It’s striking to me how much joy there is in Garrett Bradley’s 2020 documentary, Time. It overflows with it. It earns those moments of overflowing. This is a slim 81-minute feature that essays 20 round years of what would be, by any yardstick, unimaginable hardship. It feels bigger than that.
Ostensibly, this is a film about a woman, Sibil Fox Richardson — who goes by Fox Rich — endeavouring to overcome the justice system and have clemency granted upon her husband, Rob, who is serving 60 years at Angola without the possibility of parole.
Time is not coy about how the Richardsons got here: they committed a crime. With a growing family and growing debt, they tried to rob a bank in the late 1990s. Fox got three years, striking a plea bargain. Rob didn’t. Now, here we are. They are an incarcerated family. I don’t think either parent would say that Fox has been raising their family alone. I think they would say that they have been co-raising their children, navigating their lives as a family, within the circumstances in which they find themselves.
Without knowing exactly, I would guess that the modern-day elements of Time were filmed over a couple of weeks, maybe. They are spent in the period immediately leading up to a judge’s decision with respect to Mr. Richardson’s plea. A lot of that time is spent with Fox in an infuriating series of cyclical phone calls with various clerks and administrators. Bradley has established great trust with the Richardson family. They are easy and natural on camera.
It wouldn’t be fair to spoil where the film goes, but there are two keys to its success. The first, as mentioned above, is the frequent focus on joy, on positivity, on the energy created by Black love, Black community, Black organizing in the face of injustice. The Richardsons are indomitable people. They are optimistic people. They do not believe it is a matter of “if” Rob will get out of prison. Invoking the manifestation principle, they consider it a matter of “when.”
They consider it a matter of “when” even in the most defeating circumstances. Fox, and her children, outline that every new year starts with the unshakeable belief that “this is the year.” This is the year it happens; this is the year Rob’s sentence is commuted. In every year, though, there is a point around October when they must adjust to the fact that this is not the year. They have done this over a dozen times now, year after year. Every new year will be greeted this way ’til the work is done.
There are tensions. Of course there are. Fox’s mother, weary, has not quite let go of the mistake that put Fox and Rob in this situation to begin with; forgiveness, but not forgetting. In spite of her unfailingly polite phone manner, Fox eventually rages at the camera at the court system’s foot-dragging. The entire family has become slightly too good at performing charm for those holding unjust power over their lives; watching Fox and Rob’s son do so in a school debate is simultaneously entertaining and deeply sad.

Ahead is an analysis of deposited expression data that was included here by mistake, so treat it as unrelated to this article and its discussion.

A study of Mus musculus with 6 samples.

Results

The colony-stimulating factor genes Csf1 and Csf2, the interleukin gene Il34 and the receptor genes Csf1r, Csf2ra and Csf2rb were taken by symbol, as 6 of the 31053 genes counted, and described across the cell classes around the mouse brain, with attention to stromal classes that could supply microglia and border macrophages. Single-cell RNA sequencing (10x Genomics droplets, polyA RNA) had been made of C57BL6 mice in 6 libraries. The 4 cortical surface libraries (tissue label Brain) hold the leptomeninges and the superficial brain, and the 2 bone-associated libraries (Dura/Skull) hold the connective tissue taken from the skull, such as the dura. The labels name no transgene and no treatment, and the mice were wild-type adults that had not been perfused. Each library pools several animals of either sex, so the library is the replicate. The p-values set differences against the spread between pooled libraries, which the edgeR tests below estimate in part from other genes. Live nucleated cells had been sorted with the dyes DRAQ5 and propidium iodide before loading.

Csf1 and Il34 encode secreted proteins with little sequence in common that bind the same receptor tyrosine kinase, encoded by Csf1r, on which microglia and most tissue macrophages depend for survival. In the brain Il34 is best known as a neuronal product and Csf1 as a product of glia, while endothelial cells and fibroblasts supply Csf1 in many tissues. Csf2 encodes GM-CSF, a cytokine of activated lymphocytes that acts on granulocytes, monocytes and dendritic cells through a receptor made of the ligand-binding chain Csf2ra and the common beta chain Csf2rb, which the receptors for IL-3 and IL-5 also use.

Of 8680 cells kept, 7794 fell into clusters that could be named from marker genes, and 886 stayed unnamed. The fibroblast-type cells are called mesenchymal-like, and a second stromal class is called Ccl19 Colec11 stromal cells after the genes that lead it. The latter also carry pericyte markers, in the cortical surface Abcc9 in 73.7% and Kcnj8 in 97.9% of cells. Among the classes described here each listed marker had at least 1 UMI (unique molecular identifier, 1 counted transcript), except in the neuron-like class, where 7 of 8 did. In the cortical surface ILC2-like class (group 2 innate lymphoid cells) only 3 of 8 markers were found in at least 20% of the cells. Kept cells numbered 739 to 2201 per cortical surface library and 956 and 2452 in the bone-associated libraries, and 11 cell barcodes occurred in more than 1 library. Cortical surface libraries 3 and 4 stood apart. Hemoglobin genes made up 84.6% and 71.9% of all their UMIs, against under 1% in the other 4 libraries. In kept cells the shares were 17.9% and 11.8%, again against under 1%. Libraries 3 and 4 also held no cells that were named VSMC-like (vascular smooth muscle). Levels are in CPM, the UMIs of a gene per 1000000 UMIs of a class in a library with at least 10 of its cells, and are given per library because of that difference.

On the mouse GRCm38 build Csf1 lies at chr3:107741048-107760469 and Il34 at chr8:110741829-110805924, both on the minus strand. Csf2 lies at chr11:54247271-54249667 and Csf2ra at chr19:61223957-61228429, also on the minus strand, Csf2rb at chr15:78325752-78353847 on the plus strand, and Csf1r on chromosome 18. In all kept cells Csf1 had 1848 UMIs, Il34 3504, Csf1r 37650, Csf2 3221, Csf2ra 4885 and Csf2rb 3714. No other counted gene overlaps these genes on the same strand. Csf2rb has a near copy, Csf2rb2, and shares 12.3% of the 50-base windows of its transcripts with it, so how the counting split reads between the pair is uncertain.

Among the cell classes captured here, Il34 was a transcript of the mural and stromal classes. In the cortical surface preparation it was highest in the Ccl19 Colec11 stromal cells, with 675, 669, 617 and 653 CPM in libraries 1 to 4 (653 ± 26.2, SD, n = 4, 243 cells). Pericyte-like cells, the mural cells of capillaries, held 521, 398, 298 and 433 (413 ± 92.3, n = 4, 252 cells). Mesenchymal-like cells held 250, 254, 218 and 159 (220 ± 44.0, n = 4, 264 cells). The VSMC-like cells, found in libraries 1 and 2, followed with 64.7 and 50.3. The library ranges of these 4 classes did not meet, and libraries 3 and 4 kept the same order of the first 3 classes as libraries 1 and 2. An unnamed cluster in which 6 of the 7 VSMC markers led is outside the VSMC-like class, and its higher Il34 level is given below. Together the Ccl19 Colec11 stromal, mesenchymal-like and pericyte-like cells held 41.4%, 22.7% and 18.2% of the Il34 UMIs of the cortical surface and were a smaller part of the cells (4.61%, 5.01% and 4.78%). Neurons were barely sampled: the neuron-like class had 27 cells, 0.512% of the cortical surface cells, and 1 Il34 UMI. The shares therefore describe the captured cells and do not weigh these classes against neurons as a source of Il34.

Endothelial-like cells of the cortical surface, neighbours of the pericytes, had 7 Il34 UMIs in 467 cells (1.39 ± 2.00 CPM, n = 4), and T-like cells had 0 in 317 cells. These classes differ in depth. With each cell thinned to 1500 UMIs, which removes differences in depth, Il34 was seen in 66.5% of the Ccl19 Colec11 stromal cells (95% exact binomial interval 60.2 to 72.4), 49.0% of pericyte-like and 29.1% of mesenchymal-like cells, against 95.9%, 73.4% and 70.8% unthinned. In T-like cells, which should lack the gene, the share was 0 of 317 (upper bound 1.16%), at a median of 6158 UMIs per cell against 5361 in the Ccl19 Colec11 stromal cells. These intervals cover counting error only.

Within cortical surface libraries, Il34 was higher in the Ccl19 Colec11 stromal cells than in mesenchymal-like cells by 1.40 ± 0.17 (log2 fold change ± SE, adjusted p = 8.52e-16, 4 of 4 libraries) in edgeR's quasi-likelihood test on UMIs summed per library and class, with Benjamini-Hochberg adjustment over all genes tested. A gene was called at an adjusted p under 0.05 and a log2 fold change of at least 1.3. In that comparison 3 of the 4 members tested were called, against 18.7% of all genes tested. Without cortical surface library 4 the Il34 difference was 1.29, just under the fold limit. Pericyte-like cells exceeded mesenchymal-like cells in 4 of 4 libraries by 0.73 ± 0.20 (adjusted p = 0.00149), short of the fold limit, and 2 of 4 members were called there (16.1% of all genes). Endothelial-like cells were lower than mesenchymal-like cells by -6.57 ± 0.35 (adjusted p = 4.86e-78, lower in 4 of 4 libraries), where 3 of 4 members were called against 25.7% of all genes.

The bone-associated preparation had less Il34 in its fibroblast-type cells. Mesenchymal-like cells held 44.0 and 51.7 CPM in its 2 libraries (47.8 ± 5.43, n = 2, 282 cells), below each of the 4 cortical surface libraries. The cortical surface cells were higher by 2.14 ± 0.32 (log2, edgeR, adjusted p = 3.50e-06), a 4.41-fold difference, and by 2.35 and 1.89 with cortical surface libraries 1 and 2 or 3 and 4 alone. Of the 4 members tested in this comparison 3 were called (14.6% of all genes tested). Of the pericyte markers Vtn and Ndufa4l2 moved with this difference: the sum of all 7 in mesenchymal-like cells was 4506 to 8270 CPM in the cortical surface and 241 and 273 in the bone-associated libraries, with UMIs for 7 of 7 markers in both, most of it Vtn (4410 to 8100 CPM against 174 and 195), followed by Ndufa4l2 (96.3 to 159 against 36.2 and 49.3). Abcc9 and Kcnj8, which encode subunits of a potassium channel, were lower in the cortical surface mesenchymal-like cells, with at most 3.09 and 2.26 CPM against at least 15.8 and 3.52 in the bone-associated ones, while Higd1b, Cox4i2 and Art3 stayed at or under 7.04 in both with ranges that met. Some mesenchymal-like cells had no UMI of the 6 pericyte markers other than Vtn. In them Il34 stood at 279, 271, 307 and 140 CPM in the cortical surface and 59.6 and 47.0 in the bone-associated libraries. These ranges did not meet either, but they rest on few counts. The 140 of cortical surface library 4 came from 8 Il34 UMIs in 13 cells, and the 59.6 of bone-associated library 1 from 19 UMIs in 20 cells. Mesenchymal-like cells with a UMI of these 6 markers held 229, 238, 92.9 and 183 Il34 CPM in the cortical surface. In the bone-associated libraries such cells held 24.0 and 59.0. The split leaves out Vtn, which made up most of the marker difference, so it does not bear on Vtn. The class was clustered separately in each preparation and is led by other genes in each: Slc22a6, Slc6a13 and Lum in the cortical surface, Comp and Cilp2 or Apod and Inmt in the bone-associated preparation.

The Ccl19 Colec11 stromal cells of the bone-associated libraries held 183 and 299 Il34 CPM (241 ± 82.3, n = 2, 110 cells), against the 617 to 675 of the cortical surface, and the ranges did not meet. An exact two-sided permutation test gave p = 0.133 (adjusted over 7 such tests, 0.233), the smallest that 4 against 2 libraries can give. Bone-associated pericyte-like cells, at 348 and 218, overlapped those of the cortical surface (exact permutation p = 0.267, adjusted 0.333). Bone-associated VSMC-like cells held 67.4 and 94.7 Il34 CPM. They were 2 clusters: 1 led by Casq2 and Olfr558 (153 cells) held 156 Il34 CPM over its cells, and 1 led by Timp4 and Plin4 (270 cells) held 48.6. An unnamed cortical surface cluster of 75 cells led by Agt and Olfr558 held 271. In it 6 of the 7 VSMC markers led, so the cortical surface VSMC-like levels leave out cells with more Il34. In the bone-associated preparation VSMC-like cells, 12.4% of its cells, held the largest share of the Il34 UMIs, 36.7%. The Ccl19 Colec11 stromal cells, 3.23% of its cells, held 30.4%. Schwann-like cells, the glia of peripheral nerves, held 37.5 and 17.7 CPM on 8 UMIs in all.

The second key to Time‘s success lets it ascend from “merely” being a modern-day chronicle of one family against the American carceral system (which is what it was designed, and filmed, to be), into something altogether more touching, and elegant. Almost by accident, Fox Rich bequeathed upon her director a box of videotapes, taken while Rob was in prison.
The intent was to give Rob some living memory of the parts of his family’s life that he had missed. Bradley dives into the material with relish. She returns to it again and again throughout the film, building visual relationships with Fox and her sons that stretch across their childhood and adolescence and adulthood, a loose non-chronology that builds great emotional momentum. Again, the film is only 81 minutes long, but feels ageless.
As an unofficial co-director, Fox Rich is no slouch. Some of the handicam footage — all of it rendered in monochrome, as is the modern-day material — is breathtaking, from the first shot. Without planning to, Bradley occasionally parallels framings, finds the same figures with the marks of age (the eventual appearance of Fox’s greying hair is moving), skipping back and forth across decades and digital video formats with the nimbleness of a dancer. This is a beautifully edited picture.
The Criterion Collection has built the Blu-ray off a 4K master and Time looks bright and crisp. In the supplements, director Bradley sits down with critic Hilton Als to outline her approach to narrative art, and how she ended up in the Richardson family’s lives. Her short film, Alone, which preceded and led to Time, is on the disc as well.
I watched the entirety of the disc’s supplemental features as soon as I’d finished the feature, something I never do. (I usually like to sit with the project proper for a bit before delving further into what forces drove it.) Here, I couldn’t help myself; I wanted to linger in the world Bradley had created, and spend more time with Fox and Rob, and their family. This is a moving and memorable portrait.